1. Predictably unpredictable: Geopolitical turmoil, economic uncertainty and unpredictability are the new normal. Fashion companies and executives must continue to be vigilant and nimble in order to adapt to an ever-changing environment but they will increasingly focus on directing their energies towards what is within their control.
2. Globalisation reboot: Despite the rise of nationalism, isolationist rhetoric and reshoring, globalisation will not stall. A new phase of globalisation characterised by the exponential growth of cross-border bandwidth, connectivity and digital data flows will alter the global playing field and give certain players a competitive edge.
3. Asian trailblazers: With two thirds of the world’s e-commerce unicorns, more than half of global online retail sales, and countless digital and tech innovations, Asia is no longer waiting for Western companies to step up. Asian players will assert their power and leadership even more through pioneering innovations and global-scale investment and expansion.
4. Getting personal: Personalisation and curation will become more important to the customer. As consumer values coalesce around authenticity and individuality, brands will value data even more to tailor recommendations, engage influencers and personalise experiences. The fashion companies that flourish will re-focus on their strengths.
5. Platforms first: Consumers will increasingly look to online platforms as the first point of search, attracted by their convenience, relevance and breadth of offering. Whether mass, specialist or premium, platforms will continue to grow in scale and reach compelling fashion brands to find ways of engaging more with these powerful sales channels. The question for fashion brands is no longer “if” but “how” to collaborate with big online platforms.
5. Mobile obsessed: As consumers’ obsession with mobile grows, the end-to-end transaction will also move to mobile. With an overabundance of mobile payment solutions already available globally, consumers will expect fashion companies to cater for increasingly convenient mobile transactions.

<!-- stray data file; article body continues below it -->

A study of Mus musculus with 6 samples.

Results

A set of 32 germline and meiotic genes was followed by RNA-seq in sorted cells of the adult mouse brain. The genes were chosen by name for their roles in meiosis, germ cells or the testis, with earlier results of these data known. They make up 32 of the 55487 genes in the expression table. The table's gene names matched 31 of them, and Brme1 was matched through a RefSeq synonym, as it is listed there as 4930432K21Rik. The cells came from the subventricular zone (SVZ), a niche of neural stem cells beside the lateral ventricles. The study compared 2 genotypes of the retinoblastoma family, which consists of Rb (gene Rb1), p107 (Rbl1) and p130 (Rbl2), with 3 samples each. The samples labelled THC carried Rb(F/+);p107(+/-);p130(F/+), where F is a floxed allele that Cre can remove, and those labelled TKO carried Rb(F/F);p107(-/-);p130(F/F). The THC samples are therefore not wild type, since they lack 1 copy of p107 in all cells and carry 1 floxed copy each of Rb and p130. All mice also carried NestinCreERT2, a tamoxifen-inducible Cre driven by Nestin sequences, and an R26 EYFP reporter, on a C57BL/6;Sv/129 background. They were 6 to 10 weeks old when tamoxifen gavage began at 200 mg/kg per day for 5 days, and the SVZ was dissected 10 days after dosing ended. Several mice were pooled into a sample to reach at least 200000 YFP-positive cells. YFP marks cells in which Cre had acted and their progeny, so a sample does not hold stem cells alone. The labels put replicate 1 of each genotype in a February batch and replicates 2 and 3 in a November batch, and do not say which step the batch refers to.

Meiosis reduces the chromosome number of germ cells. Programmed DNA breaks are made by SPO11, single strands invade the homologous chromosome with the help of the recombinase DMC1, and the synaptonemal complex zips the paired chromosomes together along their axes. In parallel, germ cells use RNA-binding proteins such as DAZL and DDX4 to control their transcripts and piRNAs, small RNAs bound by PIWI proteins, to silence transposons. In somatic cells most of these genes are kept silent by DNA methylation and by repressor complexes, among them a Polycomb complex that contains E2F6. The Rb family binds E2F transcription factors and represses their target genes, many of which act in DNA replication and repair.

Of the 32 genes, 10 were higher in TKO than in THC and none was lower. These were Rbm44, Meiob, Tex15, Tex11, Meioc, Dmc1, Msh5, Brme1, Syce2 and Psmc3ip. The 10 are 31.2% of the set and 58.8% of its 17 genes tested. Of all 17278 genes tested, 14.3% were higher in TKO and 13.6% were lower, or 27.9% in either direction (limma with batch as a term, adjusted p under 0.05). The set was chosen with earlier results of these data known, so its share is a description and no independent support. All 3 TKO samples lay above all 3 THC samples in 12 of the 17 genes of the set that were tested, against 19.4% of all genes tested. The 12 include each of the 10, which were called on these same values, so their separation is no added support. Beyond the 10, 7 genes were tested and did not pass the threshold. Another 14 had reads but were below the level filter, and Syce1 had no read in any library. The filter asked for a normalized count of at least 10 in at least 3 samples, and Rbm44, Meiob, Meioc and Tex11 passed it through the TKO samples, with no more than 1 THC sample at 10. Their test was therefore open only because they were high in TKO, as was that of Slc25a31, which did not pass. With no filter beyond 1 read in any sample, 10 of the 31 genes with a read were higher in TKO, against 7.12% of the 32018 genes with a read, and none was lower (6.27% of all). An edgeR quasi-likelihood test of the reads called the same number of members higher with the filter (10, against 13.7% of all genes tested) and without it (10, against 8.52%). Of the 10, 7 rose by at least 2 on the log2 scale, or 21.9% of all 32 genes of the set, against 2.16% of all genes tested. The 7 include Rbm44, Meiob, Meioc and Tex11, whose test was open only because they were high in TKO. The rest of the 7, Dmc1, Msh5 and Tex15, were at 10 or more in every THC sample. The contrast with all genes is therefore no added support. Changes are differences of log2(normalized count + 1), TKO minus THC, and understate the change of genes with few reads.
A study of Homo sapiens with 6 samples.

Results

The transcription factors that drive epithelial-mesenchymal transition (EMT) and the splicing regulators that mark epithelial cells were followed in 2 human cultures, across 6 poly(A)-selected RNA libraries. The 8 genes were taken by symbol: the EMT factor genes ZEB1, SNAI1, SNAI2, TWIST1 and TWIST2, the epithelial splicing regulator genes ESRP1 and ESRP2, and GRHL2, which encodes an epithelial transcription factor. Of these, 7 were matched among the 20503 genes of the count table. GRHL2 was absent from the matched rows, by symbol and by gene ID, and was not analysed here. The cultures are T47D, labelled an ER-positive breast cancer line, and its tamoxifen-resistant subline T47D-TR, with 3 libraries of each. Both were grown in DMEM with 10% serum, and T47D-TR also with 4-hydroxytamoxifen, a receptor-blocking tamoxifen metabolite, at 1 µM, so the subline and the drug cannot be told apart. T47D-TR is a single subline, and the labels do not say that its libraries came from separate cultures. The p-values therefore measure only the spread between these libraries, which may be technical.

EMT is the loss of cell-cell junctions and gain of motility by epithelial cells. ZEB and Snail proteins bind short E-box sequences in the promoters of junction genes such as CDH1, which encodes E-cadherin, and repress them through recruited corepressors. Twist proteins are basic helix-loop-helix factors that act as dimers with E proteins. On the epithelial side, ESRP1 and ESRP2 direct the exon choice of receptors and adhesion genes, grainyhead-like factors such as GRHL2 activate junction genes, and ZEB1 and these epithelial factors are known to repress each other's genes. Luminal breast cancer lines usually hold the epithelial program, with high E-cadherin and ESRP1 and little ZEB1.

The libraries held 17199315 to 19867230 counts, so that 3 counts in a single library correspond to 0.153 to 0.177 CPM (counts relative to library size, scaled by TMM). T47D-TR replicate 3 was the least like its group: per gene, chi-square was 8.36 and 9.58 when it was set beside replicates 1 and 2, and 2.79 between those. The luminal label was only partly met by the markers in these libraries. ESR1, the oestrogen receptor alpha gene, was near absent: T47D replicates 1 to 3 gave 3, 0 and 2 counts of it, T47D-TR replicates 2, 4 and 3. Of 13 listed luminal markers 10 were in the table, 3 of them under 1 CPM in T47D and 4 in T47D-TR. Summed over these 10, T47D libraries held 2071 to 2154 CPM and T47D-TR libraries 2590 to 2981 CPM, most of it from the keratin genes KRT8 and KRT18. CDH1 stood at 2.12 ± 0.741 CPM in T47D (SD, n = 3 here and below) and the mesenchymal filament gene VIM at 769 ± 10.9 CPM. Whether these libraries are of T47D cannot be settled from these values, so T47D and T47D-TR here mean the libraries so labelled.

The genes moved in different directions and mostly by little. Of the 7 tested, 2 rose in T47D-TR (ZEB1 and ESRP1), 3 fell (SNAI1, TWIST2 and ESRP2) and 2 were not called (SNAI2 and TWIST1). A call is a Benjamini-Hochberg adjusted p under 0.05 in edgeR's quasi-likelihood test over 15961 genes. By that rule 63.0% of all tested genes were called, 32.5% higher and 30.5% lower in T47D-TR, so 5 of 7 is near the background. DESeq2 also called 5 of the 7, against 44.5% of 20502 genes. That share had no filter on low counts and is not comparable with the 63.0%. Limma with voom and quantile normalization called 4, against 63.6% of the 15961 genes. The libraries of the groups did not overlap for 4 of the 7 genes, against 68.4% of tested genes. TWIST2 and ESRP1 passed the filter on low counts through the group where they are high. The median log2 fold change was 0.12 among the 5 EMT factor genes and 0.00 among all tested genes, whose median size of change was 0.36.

7. AI gets real: Leading innovators will reveal the possibilities of artificial intelligence across all parts of the fashion value chain, exploring new ways of creating value for those employed in the fashion industry. AI enhancements will go beyond the traditional areas of machine tasks into creative and customer interaction processes, blurring the line between technology and creativity.
8. Sustainability credibility: Sustainability will evolve from being a menu of marketing-focused CSR initiatives to an integral part of the planning system where circular economy principles are embedded throughout the value chain. More fashion brands will plan for recyclability from the fibre stage of the supply chain and many will harness sustainability through tech innovation in order to unlock efficiency, transparency, mission orientation and genuine ethical upgrades.
9. Off-price deception: Off-price sector growth continues to be driven by the notion that it provides a solution to challenges like excess stock and slow growth, but the US market serves as a warning about saturation and possible sales cannibalisation. As Europe and Asia get hooked on the myth of an off-price ‘panacea,’ the fashion industry could be put at risk of margin erosion unless companies carefully consider their off-price channel strategies.
10. Startup thinking: Due to an urgent and intense need for innovation across the industry, a growing number of fashion companies will aim to emulate the qualities of startups such as agility, collaboration and openness. Traditional and heritage players will continue to be compelled to open their minds up to new types of talent, new ways of working, new kinds of partnerships and new investment models.